Fotografiska Museet Stockholm , Moderna Museet Stockholm , Nederlands Fotomuseum , Tramway Glasgow With the exhibition Fish Story, American artist Allan Sekula reconstructed a realist model of photographic representation, while taking a critical stance towards traditional documentary photography. Though there is a long artistic tradition of depicting harbors, ships and coastlines, few contemporary artists are continuing it. In Fish Story Sekula picked up this tradition, demonstrating the history and future of maritime space not only as a visual space but also as a socio-economic one. Fish Story was his third project in a related cycle of works that deal with the imaginary and actual geography of the advanced capitalistic world.
The final sequence of chapters, and of pictures and texts within chapters, has been virtually identical in both exhibition and book. In the exhibition, color photographs had been organized in sequence over a series of walls and rooms with 26 text panels interspersed at varying distances from the pictures. On a graphic level, these text panels had been the black-and-white photographic companions to the color pictures. The spatial relationship of image to image, image to text, and text to text necessarily takes a different form within the pages of a book.
Furthermore, the book allows for the inclusion of another, parallel text, and becomes an altogether different object, published in its entirety in the catalogue to that exhibition. The projections were designed to introduce a markedly different temporal and pictorial experience from that elicited by the images and texts on the walls.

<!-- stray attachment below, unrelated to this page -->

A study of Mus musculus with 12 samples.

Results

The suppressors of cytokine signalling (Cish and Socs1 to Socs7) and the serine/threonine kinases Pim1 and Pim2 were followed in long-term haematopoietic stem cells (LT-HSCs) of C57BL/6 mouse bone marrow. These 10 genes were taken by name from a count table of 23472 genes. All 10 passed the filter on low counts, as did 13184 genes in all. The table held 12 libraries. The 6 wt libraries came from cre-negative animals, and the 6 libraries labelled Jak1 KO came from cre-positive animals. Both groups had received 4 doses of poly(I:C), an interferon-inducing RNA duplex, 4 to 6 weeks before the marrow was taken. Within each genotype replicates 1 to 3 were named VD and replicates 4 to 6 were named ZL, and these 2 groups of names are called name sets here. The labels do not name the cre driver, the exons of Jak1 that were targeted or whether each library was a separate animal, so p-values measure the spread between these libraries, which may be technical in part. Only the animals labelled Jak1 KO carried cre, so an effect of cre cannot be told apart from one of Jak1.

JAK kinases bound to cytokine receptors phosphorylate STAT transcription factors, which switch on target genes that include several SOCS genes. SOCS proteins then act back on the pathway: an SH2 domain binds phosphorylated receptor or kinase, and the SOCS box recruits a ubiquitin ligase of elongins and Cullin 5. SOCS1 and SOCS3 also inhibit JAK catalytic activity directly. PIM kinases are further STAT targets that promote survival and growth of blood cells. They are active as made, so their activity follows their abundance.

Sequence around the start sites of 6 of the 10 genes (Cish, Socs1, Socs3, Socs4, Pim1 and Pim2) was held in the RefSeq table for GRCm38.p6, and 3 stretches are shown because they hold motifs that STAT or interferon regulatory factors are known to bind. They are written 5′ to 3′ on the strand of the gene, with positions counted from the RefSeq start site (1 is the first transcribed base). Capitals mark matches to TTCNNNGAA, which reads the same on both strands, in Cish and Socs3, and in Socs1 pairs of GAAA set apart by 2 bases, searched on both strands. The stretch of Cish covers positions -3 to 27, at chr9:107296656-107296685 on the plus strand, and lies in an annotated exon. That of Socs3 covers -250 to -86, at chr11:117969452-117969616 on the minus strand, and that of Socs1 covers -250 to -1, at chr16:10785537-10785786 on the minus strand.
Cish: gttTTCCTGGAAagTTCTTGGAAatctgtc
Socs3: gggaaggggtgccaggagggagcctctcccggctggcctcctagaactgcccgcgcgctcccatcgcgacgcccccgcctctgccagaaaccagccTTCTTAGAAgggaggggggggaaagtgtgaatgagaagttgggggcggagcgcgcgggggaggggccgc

The second version was also exhibited in , at the Fotobienal of Vigo, Spain.
Allan Sekula — Fish Story
The trilogy continued in —6, with Geography Lesson: Canadian Notes, a reflection on Canada, its industrial economy, and its fraught relationship with its more powerful neighbour. Completed between and , the third instalment of this trilogy, the exhibition and book project Fish Story fig. The significance of the project was recognised soon after its appearance, yet it has been the focus of relatively little extended commentary since, despite being regularly described as a seminal work on the theme of globalisation. The whole ensemble was later exhibited at the Henry Art Gallery, Seattle, in , and then at Documenta 11 in , curated by Okwui Enwezor, where it appeared considerably less isolated than at the Whitney Biennial nine years earlier, taking its place among a large number of photographic and documentary film works. Staten Island Ferry. New York Harbor. While commodity chains have proliferated exponentially, their links have become both more numerous and more fragile as a result of such trends as the dissociation of brand ownership from factory ownership, and the relocation of factory work to ad hoc, clandestine Export Processing Zones in the global South as well as subterranean sweatshops in the North.
Fish Story [PDF]
Steve Edwards Steve Edwards Allan Sekula: Fish Story Emergence in conditions of emergency Allan Sekula, who sadly died in , was for almost forty years a towering figure of the intellectual and cultural left. Photographer, theorist, filmmaker and activist, Sekula pro- duced his first significant works in the s, as a student at the University of Califor- nia, San Diego. Initially performing art actions, like his immediate circle, he was drawn to photography. I began to think that it might be possible to photograph everyday life — leaving a factory or housework — as if it were a perfor- mance. Somewhere between conscious comportment towards the camera and bad acting, the characters populate stories drawn from experi- ence. Reassessing the situation led him back to documentary, albeit in expanded and reworked form.